Together, review: the lockdown lovers with a biting message for Boris

Sharon Horgan and James McAvoy - Peter Mountain

How has lockdown been for your marriage? Have you settled into a contented little routine for two, pottering around the garden and trying new recipe ideas and happily making your way through the entire Netflix catalogue? Or have you reached the stage where the very sight of your spouse makes you want to scream into the abyss?

Did you experience a pang of recognition when Sharon Horgan turned to James McAvoy at the beginning of Together (BBC Two) and said with feeling: “I hate your face?”

To be fair, the characters felt this way before lockdown. They felt this way before they had their son, which was quite some time ago seeing as he looked to be about 10. But then they found themselves trapped in each other’s company (a nice one with an enormous kitchen, obviously – this is a middle-class TV drama) by a global pandemic, and they had no one to
vent at but each other. And us.

In a giant failure of imagination, I had expected Together to be a lot like Catastrophe, Horgan’s frequently hilarious Channel 4 comedy about the ups and downs of a relationship. The BBC blurb called it “a searingly funny and painfully poignant love story”. But the clues were there: this wasn’t your ordinary drama. Directed by Stephen Daldry, backed by theatre producer Sonia Friedman, and a two-hander in which we never learned their names – this was a play for TV, from the dialogue to the staging.

James McAvoy - Peter Mountain
James McAvoy - Peter Mountain

Perhaps it was that remove which meant that I admired Together but didn’t love it. In fact, for the first 20 minutes, I hated it. It was ambitious and accomplished but never lost its staginess. And that BBC description felt wide of the mark: it wasn’t very funny, unless you count McAvoy’s man-bun.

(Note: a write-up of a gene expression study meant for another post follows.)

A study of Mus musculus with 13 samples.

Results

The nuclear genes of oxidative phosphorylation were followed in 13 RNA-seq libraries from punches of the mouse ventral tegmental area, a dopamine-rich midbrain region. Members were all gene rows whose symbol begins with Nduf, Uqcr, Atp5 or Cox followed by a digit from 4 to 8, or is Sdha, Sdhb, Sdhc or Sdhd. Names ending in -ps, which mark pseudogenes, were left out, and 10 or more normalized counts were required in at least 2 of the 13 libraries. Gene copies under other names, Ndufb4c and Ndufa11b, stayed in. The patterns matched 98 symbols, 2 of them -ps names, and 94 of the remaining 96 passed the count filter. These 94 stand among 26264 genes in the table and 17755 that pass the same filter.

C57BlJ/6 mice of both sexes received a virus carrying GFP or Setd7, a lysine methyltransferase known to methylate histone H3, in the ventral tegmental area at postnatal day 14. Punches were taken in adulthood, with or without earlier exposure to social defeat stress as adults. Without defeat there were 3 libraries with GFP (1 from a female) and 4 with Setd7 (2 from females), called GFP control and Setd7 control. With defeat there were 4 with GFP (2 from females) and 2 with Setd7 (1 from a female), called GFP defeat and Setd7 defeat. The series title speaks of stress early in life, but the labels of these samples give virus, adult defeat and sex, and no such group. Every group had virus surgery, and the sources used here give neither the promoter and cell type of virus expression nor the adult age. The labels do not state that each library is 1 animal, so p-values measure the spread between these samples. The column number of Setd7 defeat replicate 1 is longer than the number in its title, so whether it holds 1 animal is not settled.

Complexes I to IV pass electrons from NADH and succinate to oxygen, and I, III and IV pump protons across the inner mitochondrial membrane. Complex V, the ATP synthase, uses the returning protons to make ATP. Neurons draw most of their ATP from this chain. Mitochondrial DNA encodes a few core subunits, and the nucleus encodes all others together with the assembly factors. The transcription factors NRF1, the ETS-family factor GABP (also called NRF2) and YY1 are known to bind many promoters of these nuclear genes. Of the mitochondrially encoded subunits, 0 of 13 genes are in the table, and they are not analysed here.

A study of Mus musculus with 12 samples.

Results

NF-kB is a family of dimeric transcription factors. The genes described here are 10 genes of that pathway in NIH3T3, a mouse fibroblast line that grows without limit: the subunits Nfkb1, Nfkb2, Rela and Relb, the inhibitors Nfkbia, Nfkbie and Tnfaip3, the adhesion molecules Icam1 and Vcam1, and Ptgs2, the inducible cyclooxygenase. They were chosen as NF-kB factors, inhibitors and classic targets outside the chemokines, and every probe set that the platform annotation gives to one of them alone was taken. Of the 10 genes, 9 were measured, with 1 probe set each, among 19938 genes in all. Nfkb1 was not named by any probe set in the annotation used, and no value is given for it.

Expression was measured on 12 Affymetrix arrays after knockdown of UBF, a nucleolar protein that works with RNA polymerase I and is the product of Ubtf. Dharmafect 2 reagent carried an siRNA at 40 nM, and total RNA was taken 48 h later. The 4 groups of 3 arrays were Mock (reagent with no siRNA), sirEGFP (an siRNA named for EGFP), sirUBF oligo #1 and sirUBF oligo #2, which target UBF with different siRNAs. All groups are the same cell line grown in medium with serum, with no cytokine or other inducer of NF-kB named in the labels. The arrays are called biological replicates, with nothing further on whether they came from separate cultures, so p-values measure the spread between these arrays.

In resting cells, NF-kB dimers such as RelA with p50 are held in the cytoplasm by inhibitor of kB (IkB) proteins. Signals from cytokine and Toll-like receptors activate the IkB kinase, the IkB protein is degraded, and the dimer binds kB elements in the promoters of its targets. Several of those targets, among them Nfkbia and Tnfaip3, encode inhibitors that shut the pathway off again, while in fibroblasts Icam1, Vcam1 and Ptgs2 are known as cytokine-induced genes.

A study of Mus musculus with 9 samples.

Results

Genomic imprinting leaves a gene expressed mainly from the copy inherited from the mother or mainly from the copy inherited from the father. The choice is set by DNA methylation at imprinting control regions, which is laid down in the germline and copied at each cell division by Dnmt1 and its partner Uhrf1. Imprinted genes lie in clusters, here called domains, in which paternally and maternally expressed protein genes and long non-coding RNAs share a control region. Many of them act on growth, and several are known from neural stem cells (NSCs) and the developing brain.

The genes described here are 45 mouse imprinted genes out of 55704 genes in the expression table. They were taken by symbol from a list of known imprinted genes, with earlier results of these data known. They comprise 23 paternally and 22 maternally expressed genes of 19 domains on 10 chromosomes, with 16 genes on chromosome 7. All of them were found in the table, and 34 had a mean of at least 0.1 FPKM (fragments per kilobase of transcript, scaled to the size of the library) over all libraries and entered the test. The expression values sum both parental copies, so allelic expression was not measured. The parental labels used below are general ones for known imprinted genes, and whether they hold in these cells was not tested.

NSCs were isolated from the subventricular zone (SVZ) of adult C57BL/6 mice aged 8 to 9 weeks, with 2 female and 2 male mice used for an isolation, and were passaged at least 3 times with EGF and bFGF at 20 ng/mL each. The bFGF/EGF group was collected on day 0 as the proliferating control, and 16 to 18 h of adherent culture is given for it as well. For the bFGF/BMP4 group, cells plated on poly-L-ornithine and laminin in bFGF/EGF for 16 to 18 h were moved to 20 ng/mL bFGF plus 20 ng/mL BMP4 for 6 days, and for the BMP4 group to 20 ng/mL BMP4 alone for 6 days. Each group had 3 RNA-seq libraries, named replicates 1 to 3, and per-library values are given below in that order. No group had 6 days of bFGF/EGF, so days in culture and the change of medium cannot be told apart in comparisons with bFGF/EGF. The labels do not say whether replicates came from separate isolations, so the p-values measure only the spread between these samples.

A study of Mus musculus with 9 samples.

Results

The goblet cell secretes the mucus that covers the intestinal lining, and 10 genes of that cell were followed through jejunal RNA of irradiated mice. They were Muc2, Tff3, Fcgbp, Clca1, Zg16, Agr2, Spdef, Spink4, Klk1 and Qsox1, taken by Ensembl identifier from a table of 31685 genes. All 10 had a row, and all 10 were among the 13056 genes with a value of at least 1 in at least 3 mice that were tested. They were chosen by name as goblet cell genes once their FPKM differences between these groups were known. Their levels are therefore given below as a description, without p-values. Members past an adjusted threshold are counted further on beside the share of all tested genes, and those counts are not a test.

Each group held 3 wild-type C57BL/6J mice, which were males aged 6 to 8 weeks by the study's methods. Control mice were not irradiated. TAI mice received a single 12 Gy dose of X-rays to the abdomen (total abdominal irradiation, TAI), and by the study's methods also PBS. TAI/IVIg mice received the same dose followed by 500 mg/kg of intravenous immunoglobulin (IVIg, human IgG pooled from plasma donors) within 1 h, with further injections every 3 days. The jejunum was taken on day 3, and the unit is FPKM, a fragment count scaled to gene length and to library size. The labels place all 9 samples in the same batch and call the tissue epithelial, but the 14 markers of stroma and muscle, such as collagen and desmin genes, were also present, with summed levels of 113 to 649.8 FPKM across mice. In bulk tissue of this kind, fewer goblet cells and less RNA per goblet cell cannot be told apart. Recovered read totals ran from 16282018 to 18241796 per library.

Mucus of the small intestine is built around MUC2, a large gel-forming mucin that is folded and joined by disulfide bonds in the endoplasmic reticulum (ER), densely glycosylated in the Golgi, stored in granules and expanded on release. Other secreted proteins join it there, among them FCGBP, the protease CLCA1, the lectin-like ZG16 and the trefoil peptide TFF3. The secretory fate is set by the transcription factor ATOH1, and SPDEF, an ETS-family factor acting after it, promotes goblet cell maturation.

The characters mostly addressed the audience. McAvoy and Horgan were each granted a lengthy monologue to camera. They have different styles: Horgan has a gift for delivering lines as if she’s chatting to a close friend, while McAvoy never lets you forget that he’s an actor. That’s not a criticism of his talents – his starring role in Cyrano de Bergerac pre-lockdown was one of the most thrilling stage performances I’d seen in years – but it put him slightly at odds with Horgan. All to the good, I suppose, as the pair were supposed to be at odds over everything.

Their early exchanges, written by Dennis Kelly, were biting. “Saying goodbye to you, without doubt, is the best part of my day.” “I actually think of him as a cancer… one of the really bad ones, like liver or pancreatic.” It’s the kind of invective that can only come from a couple who once loved each other with a passion. Eventually, having found a way back, McAvoy said they had “reached the love that exists beyond hate”, which was a great line.

Covid was ever-present. It was there in the screen captions, marking the milestones – first day of lockdown to the last – and the mounting death toll. And it was there in the storyline as Horgan’s mother was moved into a care home, a development which we knew to greet with dread. “She’ll be safe there, right?” she said.

Of course, her mother was not safe; she contracted Covid, was moved to hospital, and died alone. In the drama’s most potent scene, Horgan returned home from the intensive care ward where she had been allowed 15 minutes at her mother’s bedside.

Together - Peter Mountain
Together - Peter Mountain

Driving back, she had received a call from the nurse to say that her mother was about to die, but he could not hold her hand as promised because another patient was dying in a neighbouring bed. The nurse laid his phone on the bed: “I sat in a lay-by on the ring road, FaceTiming – I just sat there and watched my mum die,” Horgan said. For anyone who lost a loved one in such a terrible way, this must have been a difficult scene to get through.

As the thing wore on, it seemed more and more that Kelly had set out to deliver a polemic under the cover of a relationship drama. Horgan had a fierce speech in which she explained the concept of “exponential growth” – that phrase parroted again and again in Covid briefings – in one minute and 34 seconds with a clarity that has escaped the Prime Minister. “It’s said that if we’d locked down one week earlier, we could have saved 20,000 lives.” She raged against the scandalous failure to safeguard care homes; hospital patients sent in “like blankets laced with smallpox”, residents “killed by stupidity, killed by dumbf-----y”.

I found myself wondering if Matt Hancock or his minister for social care, Helen Whately, were watching this drama. I have no idea if the marriage bit struck home for them, but I hope the political message did.